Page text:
Orlando Attorneys for Establishing Paternity
Just because a person’s name is on a birth certificate does not make him a legal father of the child. Even if a person has signed his name on a birth certificate, he is not automatically the father of the child. If the parties did not subsequently marry one another, the child’s legal paternity is in question.
As the numbers of marriages decrease there is an influx of paternity cases. These claims can be brought by the Mother of the child or the putative Father. Until paternity is established, the putative Father has no rights to see his child. That is not to say that denying timesharing to someone you know is the Father will not have adverse consequences in the future.
A petition for paternity alleges that the Mother and the putative Father engaged in sexual relations in the requisite time period for there to be a reasonable belief that the putative Father is the biological father. If this is not agreed to, a genetic test can be requested (no blood draw is necessary) to determine paternity.
Paternity, once established, carries with it certain rights (such as the possible right to have timesharing with the minor child and to be active in decision-making regarding the child if this is in the best interests of the child) and responsibilities (possible exposure to child support and retroactive child support to the birth of the child not to exceed two years). These responsibilities will exist even if the Father is denied timesharing or other rights regarding the child.
Child Custody and Support Issues
Child support is calculated based on the parties’ incomes and timesharing schedule with the child. The starting point is to determine the net incomes of the parties (before life expenses are taken into consideration). The amount of money needed to raise the child is then determined by the number of children when compared to the two parties’ totaled net income. The payor’s child support is then calculated based upon what percentage his or her income is of the total combined income. Two other expenses taken into consideration are health insurance costs and daycare/child care costs. The courts can then order a deviation from the guideline by up to 5% in certain circumstances.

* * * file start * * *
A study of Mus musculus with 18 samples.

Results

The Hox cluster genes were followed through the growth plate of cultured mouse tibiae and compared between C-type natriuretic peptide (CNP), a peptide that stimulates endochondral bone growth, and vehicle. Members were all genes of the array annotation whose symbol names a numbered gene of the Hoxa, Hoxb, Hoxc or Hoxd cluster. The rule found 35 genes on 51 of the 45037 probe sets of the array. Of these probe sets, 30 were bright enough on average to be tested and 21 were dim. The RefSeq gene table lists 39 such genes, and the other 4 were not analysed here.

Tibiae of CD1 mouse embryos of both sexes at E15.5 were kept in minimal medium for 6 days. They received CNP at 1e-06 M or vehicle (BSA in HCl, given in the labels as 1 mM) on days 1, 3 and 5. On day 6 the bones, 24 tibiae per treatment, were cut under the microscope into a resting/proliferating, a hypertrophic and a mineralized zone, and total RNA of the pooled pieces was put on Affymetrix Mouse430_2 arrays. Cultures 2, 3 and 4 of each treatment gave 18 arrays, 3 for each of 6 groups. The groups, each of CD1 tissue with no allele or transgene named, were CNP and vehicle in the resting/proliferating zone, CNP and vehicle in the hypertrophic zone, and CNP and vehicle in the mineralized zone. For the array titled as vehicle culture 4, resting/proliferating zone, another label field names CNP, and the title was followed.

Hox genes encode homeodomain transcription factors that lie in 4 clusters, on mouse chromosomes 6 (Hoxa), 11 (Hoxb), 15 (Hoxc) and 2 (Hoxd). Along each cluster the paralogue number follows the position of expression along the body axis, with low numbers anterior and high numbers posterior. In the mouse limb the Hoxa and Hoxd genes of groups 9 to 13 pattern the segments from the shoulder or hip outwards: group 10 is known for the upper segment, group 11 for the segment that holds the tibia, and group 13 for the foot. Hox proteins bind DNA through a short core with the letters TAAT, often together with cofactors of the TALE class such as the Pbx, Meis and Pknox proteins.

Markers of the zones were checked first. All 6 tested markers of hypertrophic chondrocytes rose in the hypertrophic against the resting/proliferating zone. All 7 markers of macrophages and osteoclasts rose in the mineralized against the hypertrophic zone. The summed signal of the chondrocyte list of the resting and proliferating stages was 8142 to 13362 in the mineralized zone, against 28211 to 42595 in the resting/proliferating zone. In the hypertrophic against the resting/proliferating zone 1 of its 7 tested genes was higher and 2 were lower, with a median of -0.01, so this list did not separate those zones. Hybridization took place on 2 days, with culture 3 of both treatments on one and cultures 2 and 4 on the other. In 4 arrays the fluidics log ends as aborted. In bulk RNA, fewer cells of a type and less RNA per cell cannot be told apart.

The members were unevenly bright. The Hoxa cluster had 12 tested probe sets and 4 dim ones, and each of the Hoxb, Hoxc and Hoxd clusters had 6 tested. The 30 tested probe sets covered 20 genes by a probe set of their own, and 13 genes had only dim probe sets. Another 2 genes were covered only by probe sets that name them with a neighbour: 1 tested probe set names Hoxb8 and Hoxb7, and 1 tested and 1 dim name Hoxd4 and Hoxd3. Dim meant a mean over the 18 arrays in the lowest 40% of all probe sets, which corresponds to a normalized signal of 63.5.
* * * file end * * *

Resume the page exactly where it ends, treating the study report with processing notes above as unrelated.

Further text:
The child support calculation is further complicated by reductions when there is substantial timesharing. As Florida now defines substantial timesharing as over 72 overnights a year (20% of overnights as compared to the old rule of 40%), it has become increasingly common for there to be a downward modification for substantial timesharing.
Parties are not allowed to waive child support as it is support for the child. If the parties enter into such an agreement the Court can reject the agreement or set it aside.
In paternity cases, child support can be awarded retroactively to the date of the birth of the child (up to 2 years).